HP offers its first 802.11n access point

Hewlett-Packard's ProCurve networking unit Monday announced its first high-speed 802.11n access point based on its recent acquisition of Colubris Networks Inc.

The MSM410 access point for high-speed 802.11n wireless LANs features internal antennas, which make it appear more like a smoke detector when installed on a ceiling. "It's very discreet with no [external] antennas," said Tom Racca, ProCurve's senior mobility solutions strategist, in a telephone interview.

Managers at hotels, offices and health care facilities often want a less-obtrusive access point for use in rooms and hallways, Racca said.

The MSM410 will be available in January for US$649, he noted.

Racca, formerly of Colubris in Waltham, Mass., is one of more than 80 Colubris employees to join ProCurve as a result of the acquisition, which was finalized Oct. 1. Colubris' technology was integrated within ProCurve in less than 45 days, illustrating the value of using open standards in the technology, Racca said.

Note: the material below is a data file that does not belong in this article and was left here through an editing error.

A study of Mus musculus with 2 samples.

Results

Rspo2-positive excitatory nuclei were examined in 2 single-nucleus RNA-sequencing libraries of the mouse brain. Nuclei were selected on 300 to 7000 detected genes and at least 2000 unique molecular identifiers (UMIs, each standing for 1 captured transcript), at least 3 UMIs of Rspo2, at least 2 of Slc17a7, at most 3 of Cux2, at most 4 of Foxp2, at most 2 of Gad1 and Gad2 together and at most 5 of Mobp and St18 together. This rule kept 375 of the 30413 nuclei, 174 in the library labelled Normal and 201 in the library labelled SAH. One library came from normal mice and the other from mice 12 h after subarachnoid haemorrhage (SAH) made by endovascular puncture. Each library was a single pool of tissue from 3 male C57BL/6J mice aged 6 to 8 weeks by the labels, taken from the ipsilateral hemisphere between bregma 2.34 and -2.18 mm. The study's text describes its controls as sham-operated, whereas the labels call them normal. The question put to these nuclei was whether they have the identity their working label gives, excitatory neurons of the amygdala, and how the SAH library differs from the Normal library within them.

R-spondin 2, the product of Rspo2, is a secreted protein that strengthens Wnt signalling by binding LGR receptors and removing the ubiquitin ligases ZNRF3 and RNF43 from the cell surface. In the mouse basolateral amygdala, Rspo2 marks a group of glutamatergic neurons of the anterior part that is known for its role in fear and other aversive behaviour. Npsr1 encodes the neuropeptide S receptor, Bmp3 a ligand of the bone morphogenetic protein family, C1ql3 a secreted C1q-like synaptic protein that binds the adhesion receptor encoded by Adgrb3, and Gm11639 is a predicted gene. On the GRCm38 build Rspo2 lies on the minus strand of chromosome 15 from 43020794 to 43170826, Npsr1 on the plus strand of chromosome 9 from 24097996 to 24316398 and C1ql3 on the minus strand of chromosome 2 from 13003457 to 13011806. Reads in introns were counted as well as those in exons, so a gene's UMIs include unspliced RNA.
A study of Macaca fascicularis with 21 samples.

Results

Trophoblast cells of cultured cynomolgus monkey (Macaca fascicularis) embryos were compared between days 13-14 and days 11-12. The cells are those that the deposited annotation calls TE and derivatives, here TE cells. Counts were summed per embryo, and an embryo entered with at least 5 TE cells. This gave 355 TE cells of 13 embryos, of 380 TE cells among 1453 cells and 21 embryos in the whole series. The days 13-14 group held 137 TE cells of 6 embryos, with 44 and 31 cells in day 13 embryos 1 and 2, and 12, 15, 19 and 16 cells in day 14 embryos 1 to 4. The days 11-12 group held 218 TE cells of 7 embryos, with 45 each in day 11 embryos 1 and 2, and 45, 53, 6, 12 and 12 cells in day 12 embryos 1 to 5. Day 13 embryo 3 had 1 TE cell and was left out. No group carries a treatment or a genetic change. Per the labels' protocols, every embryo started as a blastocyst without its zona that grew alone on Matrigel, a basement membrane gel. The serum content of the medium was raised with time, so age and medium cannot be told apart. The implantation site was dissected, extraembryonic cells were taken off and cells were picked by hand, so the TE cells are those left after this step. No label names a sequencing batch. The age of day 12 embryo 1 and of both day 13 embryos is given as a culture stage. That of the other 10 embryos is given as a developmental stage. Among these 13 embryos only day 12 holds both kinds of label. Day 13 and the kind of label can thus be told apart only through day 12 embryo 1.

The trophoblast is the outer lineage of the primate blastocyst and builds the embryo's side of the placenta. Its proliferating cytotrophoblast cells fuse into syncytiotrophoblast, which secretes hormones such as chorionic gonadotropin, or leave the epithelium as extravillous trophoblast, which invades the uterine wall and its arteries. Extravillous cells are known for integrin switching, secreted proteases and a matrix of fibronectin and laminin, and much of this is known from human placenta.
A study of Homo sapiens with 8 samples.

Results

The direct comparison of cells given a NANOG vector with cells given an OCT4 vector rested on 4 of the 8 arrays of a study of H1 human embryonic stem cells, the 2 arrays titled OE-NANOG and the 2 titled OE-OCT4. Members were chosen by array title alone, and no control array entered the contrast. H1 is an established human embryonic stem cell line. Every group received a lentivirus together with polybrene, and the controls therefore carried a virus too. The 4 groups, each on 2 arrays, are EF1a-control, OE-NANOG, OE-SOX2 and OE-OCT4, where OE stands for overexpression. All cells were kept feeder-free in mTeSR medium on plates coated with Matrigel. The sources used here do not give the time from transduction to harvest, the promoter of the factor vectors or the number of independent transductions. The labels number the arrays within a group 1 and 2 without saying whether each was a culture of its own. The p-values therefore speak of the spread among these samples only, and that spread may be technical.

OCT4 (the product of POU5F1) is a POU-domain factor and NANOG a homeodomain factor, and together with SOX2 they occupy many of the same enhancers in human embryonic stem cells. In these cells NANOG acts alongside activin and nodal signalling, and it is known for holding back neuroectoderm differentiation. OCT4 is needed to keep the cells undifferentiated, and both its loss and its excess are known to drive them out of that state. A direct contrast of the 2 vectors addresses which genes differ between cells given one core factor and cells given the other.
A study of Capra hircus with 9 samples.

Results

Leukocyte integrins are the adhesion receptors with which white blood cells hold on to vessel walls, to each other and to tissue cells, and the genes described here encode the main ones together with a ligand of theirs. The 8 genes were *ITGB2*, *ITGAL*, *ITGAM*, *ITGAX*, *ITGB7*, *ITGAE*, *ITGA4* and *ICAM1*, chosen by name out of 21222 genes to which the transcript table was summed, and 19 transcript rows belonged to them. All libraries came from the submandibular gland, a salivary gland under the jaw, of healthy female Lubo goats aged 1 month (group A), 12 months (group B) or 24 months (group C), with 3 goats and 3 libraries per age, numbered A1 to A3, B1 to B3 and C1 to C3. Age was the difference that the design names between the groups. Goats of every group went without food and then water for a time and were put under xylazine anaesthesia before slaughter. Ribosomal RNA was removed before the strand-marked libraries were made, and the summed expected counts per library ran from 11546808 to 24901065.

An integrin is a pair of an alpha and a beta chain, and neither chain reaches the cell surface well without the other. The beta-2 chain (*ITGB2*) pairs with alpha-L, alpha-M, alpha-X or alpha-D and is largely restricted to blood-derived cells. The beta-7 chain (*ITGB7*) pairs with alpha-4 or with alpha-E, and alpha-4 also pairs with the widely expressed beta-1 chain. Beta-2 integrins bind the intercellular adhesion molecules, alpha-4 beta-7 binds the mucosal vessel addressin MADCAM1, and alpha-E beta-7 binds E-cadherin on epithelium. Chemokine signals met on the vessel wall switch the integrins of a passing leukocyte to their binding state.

HP's ProCurve Manager software will be updated to automatically discover, map and initiate management of any Colubris product, as well as provide a single view of wired and wireless network topologies. The MSM410 can be added atop an 802.11 a/b/g network or installed by itself. It can also be used as a stand-alone device or dependent on a central controller, Racca said.

HP is extending its lifetime warranty for the new MSM410 and the existing line of 802.11 a/b/g access points from Colubris.

Other vendors have been launching 802.11n access points over the past year. Among them are Aruba Networks Inc., Meru Networks Inc., Cisco Systems Inc., Motorola Inc. and Siemens.

Some in the industry expected a faster adoption of 802.11n gear. ABI Research recently said that 802.11n has reached only 3% of wireless LANs this year, but it will grow to nearly 20% in a year.

Copyright © 2008 IDG Communications, Inc.